The Newest Opponents Of North Carolina’s Anti-Transgender Law: Faith Groups

People gathered to protest HB2 in Raleigh, North Carolina. CREDIT: JASON E. MICZEK/AP IMAGES FOR HUMAN RIGHTS CAMPAIGN
People gathered to protest HB2 in Raleigh, North Carolina. CREDIT: JASON E. MICZEK/AP IMAGES FOR HUMAN RIGHTS CAMPAIGN

North Carolina’s controversial new anti-transgender law has triggered a cavalcade of criticism since it became law in March, with businesses, famous musicians, and even Donald Trump expressing disproval of legislation that forces schools and public buildings to discriminate against transgender individuals and their bathroom use. In addition to blasting the law itself, many have chastised its supporters, which include a number of right-wing conservative Christians and religious leaders such as Franklin Graham.

But as massive throngs of protesters descended on the North Carolina capitol building in Raleigh on Monday to call for the repeal of the bill often called HB2, scattered among the crowd were several signs reading “My faith doesn’t discriminate” and dozens of religious leaders bearing collars, stoles, and yarmulkes. Unlike their conservative counterparts, these prayerful North Carolinians weren’t there to preach theology that condemns transgender people, but to express faith-based opposition to a law they say is discriminatory — all while representing the state’s sizable, sustained pro-LGBT faith movement.

[HB2 is] an unholy alliance of racism, classism, and homophobia.

Faith leaders were among the slate of dignitaries who delivered speeches to the crowd demanding the state legislature strike the law, such as Rev. William Barber, head of the North Carolina NAACP and leader of the state’s faith-rooted Moral Mondays movement. Barber has repeatedly decried HB2 as discriminatory to transgender people as well as lower-income workers, calling it “an unholy alliance of racism, classism, and homophobia.”


Rev. Jasmine Beach-Ferrara — an openly gay United Church of Christ minister, LGBT activist, and Democratic nominee for Buncombe County commissioner — also spoke to the crowd.

“Let me be clear this morning: lives are at stake,” Beach-Ferrara said.

Protesters and other faith leaders then reportedly stormed the capitol, staging several sit-ins and presenting Democratic lawmakers with an alternative law to replace HB2.

Meanwhile, the NC Conference of the United Methodist Church released a statement earlier in the day asking elected officials to strike down the law as soon as possible.


Indeed, faith groups have opposed HB2 almost since its inception. The Episcopal Diocese of North Carolina railed against HB2 the day it passed, rejecting the idea that the law protects people and arguing that it “actually contribute[s] to prejudice and misunderstanding toward our neighbors whose gender identity is more complicated than the simple matter of anatomy.” Fifteen pastors who head up North Carolina congregations of the Metropolitan Community Church — a denomination that is overwhelmingly LGBT — sent a letter to lawmakers referring to the bill as “scare tactics” and asking them to end discrimination against LGBT people, as did Reform Jewish rabbis from several North Carolina synagogues (the Union for Reform Judaism adopted a sweeping transgender rights policy earlier this year). Rev. Edward Davis, conference minister of the North Carolina-based Southern Conference of the United Church of Christ (UCC), equated the bill to racially segregated bathrooms in the 1960s, when restrooms bore signs reading “whites only.”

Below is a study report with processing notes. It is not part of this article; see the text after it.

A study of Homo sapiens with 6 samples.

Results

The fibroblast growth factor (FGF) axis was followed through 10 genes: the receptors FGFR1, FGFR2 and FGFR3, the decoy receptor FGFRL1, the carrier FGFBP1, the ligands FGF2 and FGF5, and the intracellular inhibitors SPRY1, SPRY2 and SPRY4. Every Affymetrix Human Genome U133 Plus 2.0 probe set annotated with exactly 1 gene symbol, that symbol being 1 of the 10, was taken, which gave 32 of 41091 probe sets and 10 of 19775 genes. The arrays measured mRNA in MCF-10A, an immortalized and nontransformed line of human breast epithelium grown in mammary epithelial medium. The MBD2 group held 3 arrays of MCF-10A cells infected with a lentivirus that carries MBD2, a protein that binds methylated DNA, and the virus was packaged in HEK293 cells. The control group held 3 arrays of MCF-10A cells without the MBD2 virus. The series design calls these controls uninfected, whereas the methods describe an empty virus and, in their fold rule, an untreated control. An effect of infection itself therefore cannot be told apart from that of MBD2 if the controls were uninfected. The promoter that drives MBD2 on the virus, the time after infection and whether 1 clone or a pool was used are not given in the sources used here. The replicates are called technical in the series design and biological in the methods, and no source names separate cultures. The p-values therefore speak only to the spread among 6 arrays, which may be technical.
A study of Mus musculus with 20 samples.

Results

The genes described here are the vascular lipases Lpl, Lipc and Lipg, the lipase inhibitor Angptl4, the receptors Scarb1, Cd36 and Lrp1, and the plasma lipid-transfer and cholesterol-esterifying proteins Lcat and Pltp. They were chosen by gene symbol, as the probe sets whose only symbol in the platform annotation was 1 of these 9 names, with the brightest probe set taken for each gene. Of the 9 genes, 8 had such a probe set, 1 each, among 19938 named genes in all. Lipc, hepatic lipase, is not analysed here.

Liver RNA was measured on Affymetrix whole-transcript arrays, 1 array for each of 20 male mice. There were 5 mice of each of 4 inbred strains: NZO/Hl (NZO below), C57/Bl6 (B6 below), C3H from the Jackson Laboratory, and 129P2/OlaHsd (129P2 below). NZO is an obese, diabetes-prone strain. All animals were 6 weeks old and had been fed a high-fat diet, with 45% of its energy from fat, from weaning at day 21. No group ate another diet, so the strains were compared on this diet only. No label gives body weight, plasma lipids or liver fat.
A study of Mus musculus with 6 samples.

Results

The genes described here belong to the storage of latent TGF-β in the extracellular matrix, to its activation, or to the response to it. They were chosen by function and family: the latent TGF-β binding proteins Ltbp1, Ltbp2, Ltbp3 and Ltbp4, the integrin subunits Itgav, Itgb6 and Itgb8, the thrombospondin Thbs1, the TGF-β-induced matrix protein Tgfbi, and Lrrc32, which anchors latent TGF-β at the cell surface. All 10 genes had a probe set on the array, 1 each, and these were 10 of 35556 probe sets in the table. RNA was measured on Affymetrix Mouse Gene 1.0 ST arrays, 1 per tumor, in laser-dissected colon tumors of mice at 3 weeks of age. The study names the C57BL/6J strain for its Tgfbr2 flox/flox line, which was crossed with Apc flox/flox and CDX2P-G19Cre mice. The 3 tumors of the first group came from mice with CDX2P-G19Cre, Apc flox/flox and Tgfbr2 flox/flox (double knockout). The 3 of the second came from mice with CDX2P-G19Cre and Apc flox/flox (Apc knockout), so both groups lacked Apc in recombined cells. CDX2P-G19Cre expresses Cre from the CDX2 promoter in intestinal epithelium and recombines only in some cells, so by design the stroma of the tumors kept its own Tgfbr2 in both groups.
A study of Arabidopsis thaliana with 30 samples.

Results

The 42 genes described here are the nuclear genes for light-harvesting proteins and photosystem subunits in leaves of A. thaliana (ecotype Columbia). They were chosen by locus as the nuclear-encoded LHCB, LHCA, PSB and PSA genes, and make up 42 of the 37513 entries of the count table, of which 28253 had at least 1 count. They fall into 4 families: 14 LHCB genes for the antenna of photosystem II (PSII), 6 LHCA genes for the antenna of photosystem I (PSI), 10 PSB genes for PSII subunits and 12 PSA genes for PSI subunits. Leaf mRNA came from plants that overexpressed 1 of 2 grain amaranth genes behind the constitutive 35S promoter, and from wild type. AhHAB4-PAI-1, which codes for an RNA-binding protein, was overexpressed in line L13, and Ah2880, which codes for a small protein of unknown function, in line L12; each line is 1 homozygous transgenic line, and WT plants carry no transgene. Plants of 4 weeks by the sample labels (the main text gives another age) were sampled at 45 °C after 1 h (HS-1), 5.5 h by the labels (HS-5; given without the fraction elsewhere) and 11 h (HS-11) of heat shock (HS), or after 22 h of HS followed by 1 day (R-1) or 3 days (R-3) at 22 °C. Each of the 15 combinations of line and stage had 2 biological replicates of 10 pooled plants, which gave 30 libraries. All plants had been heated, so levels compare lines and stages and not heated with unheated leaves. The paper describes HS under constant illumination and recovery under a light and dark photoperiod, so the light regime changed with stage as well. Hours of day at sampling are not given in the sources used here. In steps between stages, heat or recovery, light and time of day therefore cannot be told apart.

We will not tolerate on our campus discrimination against any child of God, including discrimination on the basis of sexual orientation or gender identity.

Even individual churches, such as the Church of the Servant in Wilmington, NC, have passed ordinances demanding the repeal of HB2, as have various other local religious organizations: less than two days after the bill was signed into law, the Montreat Conference Center — a Christian organization affiliated with the Presbyterian Church (U.S.A.) denomination that hosts thousands of attendees in western North Carolina every year — released a statement condemning its passage.

“…We will not tolerate on our campus discrimination against any child of God, including discrimination on the basis of sexual orientation or gender identity,” read the Facebook post. “We will continue to invite our conferees, guests, and visitors to use the restrooms in which they feel most comfortable.”


True, progressive religious leaders in the state say they can sometimes feel outnumbered by conservative activists, but faith-fueled opponents of North Carolina’s law have reason for optimism: Left-leaning religious leaders helped defeat recent attempts to pass so-called “religious liberty” bills that could have discriminated against LGBT people in Indiana, Arkansas, and Georgia, among other states.